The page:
Python Lesson 1

So…here we are…back again. This time we are going to run through the first lesson in the new material and see what we can break…sound like fun?

In this first lesson we are asked to open up our Gedit notepad and type in a series of print statements, save the file in the *.py* format (which is the python extension). Then from our terminal we are to run the program. 

At first I ran all of these commands using Python but then it dawned on me that the tutorial was wanting me to type the print commands into the notepad, save the file and then run it from my terminal.

[note] Pay Attention Nick! [/note]

So that is what I did…well except for the pay attention part…which we will see next.

What I failed to do is type it correctly. You will notice on line (3) I capitalized the word print and when I opened up the Terminal and ran the program I immediately got a Syntax Error on line (3)


Imagine my surprise! I immediately went back in and made the correction using my amazing powers of deduction. If you will remember from our last blog one of the three things this book is going to teach us is how to notice differences. I spotted it immediately with the help of Terminal which announced my mistake.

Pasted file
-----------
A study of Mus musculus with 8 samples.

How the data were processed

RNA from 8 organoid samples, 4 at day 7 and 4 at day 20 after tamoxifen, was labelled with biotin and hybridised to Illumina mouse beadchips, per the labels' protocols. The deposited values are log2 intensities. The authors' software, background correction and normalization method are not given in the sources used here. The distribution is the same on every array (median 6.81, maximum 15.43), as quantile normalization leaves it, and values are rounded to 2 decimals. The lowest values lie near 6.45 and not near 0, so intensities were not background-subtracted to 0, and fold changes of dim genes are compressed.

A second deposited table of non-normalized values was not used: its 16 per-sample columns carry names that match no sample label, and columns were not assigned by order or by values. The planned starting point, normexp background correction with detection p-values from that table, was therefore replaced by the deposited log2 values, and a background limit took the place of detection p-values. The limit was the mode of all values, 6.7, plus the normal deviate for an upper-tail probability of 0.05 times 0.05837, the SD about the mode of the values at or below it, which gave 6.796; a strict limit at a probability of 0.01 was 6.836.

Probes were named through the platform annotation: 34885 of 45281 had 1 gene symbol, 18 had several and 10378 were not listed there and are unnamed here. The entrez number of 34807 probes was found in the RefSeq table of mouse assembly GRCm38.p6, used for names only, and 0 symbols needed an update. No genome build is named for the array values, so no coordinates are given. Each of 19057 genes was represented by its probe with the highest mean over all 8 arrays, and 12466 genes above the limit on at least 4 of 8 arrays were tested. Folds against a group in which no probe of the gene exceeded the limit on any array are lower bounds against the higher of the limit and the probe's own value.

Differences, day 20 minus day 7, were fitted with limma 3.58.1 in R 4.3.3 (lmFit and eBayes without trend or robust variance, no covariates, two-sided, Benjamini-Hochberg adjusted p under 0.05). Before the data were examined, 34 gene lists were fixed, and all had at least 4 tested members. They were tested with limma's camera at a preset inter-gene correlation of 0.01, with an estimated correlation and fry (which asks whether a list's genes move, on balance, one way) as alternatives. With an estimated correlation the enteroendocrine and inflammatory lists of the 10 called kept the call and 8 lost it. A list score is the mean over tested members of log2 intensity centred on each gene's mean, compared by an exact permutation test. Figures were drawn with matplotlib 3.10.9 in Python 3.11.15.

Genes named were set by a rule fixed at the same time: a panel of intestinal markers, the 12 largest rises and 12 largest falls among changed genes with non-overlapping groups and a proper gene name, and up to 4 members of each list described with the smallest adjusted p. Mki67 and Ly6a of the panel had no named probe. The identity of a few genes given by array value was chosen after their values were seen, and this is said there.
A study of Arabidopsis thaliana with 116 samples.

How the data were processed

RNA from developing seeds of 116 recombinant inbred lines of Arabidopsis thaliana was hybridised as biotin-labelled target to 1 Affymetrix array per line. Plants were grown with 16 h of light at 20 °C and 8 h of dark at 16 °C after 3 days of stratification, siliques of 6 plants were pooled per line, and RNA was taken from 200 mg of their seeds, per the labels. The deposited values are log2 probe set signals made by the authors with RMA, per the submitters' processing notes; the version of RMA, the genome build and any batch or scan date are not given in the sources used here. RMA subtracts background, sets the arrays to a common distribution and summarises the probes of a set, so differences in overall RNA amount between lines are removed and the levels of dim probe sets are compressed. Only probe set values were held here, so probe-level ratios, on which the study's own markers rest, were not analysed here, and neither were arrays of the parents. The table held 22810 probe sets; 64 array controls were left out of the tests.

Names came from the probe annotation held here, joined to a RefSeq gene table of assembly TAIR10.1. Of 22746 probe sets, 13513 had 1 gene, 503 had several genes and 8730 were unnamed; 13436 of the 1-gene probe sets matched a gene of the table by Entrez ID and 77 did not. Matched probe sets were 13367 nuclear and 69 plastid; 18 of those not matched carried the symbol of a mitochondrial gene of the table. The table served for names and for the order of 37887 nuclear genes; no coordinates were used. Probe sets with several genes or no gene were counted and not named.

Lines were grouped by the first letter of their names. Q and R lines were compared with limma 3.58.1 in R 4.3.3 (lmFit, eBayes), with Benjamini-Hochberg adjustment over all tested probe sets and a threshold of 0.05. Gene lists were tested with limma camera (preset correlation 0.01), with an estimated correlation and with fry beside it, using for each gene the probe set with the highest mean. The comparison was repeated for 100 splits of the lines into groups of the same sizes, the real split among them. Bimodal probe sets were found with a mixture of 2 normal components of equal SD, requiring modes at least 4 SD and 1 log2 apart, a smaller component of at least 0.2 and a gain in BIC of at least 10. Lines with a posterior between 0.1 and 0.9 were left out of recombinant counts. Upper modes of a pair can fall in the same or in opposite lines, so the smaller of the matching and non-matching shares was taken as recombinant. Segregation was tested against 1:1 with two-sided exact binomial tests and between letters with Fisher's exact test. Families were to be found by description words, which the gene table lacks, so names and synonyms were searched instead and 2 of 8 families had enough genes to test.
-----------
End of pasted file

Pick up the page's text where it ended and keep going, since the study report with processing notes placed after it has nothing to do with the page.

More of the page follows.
[note] At this level of the game mistakes stick out like a cold sore covered in Caramex[/note]

After making the changes and saving the file…I was able to run the program with success!

[note] Before ran the program I saved the file I wrote in the notepad to a temp folder and used my terminal to open the directory before running the program 

>> cd temp
>> python[/note] 

As I read on the author, Zed, points out an error. Interestingly enough the error that he displays was on the same line that I found my error (line 3). The specific error was different (mine was a capital “P” where his error was due to the failure to use an end quote).

The point here is that if you make a mistake your terminal will prompt you of your error and the line in which the error is found.

And well…that ends this first exercise! Yay Me!

The extra credit part of this lesson involved going back into the code in the notepad and adding a # symbol to one of the lines of code. I did that and saved it and then ran the program. Apparently this symbol (which they call an octothorpe – I call it  a pound or a hash tag) is used to comment out a line of code. When I ran the code the line I chose did not show up in the final program.

Well…this ends our lesson on programming Python for today. I will probably come back later tonight and finish the next lesson with you.